Think about a time when you received feedback. Were you excited to hear from others about ways to improve yourself or your work or annoyed that someone was trying to correct you?
Feedback can be tricky, but Maury 2nd graders are getting a head start on the best ways to give and receive that ‘tough-to-hear’ criticism.
As expert “Insect Inspectors” during our realistic drawing unit, these kiddos studied the ins and outs of some rare insect species. Poisonous grasshoppers, majestic butterflies, bizarre beetles and the deadliest of spiders crept onto the practice pages of our sketchbooks as students patiently engaged in the creation of multiple drafts in preparation for their final masterpieces.
Toxic Milkweed Grasshopper
After creating a series of drafts, three to be exact, students learned to apply direct and specific feedback given by their peers during mid-process critique, in order to improve their realistic drawings each go round.
Things like, “expand the wings longer,” “include thick and thin lines in the details,” and “make your wings more triangular,” were the kinds of specific and direct feedback that led to such amazing growth throughout this unit.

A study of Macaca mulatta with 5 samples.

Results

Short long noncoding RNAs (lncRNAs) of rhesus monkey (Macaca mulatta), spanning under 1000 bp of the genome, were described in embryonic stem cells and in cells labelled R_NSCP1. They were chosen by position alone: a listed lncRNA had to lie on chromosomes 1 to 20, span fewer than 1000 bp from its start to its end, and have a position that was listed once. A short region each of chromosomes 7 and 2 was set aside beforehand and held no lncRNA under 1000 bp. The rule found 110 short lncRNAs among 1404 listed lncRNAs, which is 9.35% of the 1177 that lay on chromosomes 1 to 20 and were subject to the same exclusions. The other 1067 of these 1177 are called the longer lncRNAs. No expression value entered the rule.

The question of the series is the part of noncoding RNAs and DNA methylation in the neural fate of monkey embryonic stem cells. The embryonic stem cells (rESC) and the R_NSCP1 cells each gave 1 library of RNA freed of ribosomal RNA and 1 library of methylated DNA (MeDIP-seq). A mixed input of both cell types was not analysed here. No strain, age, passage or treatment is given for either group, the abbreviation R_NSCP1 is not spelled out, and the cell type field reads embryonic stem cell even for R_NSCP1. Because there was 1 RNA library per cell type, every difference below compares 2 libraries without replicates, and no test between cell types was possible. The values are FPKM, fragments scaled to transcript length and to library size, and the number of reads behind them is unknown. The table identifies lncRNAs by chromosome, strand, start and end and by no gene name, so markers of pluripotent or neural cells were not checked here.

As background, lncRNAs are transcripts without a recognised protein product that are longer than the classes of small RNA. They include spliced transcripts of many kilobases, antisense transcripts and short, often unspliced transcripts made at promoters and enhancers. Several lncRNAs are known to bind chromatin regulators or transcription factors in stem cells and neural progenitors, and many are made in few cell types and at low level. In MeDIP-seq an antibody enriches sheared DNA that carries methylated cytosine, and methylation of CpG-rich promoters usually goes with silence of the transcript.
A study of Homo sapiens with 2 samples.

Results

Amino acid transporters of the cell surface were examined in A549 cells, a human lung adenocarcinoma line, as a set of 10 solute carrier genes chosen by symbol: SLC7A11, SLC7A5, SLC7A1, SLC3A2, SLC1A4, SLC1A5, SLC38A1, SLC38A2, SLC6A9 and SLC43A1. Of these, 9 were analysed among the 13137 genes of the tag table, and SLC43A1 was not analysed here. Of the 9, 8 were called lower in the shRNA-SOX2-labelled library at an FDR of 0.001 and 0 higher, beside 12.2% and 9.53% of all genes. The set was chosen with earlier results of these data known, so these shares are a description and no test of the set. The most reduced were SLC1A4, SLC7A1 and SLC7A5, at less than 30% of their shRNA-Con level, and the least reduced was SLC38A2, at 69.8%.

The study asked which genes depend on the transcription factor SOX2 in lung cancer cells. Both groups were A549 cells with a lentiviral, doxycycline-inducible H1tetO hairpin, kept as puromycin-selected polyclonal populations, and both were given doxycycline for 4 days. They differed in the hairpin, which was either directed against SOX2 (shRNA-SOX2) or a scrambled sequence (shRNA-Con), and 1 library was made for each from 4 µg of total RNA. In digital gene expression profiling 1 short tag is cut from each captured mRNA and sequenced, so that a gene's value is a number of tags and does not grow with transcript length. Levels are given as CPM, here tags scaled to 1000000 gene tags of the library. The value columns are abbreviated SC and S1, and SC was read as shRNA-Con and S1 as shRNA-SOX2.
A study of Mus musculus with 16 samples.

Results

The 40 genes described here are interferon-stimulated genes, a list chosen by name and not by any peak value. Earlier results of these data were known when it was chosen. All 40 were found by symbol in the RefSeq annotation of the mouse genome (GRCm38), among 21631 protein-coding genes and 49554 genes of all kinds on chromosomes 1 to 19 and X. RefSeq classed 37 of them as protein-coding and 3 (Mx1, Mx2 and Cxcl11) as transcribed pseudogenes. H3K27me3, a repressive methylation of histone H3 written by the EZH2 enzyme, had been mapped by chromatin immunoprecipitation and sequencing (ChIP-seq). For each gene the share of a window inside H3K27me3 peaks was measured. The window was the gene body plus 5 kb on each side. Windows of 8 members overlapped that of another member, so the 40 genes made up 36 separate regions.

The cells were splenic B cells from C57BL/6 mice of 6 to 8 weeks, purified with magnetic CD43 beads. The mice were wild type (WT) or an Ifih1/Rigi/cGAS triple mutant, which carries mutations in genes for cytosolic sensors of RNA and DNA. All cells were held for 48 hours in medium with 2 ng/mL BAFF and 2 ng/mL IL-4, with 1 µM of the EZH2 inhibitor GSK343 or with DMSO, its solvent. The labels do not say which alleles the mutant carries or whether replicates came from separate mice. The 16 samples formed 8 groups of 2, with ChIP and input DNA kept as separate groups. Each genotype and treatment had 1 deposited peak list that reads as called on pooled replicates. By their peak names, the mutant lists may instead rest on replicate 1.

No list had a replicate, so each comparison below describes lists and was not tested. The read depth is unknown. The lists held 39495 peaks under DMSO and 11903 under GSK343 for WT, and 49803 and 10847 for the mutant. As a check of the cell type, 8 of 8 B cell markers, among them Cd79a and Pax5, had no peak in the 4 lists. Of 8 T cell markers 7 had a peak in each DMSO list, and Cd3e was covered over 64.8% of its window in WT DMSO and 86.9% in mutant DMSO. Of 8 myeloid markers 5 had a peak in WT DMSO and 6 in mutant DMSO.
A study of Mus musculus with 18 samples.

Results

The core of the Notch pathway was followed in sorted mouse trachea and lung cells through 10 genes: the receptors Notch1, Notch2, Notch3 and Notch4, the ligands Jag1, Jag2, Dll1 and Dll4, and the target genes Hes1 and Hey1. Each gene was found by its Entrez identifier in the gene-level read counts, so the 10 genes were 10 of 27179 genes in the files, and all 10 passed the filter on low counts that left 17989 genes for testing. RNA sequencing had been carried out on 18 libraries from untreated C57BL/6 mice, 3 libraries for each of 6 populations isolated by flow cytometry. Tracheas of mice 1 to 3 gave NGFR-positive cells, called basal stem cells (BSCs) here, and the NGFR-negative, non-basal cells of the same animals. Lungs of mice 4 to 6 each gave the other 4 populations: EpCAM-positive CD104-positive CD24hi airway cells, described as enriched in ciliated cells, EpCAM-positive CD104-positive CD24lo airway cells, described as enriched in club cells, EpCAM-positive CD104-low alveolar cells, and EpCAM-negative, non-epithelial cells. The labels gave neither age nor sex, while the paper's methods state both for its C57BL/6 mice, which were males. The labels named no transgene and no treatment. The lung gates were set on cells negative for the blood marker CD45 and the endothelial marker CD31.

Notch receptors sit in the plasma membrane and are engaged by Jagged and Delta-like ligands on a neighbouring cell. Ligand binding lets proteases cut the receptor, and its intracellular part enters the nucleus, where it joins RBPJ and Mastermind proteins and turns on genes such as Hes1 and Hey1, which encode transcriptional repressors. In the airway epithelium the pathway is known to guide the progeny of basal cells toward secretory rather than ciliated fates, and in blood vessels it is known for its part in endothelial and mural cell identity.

Students were brave and receptive when hearing how to improve. They knew that the advice was aimed to make them better artists and not petty put downs from their classmates.
The ability to listen and apply feedback not only made our second graders better drawers, they became better scientists, observers of the world, and better overall humans!
Our artists all started at varying skill levels. Come to think of it, realistic drawing isn’t even something elementary kids should spent too much time focusing on. In the early years, art is about creativity and exploration but by framing this unit around peer feedback, we were able to get some fantastic results! Check out some of the finished products! Wow!
Next time you are asked to give or receive feedback, think of us, and spread your wings!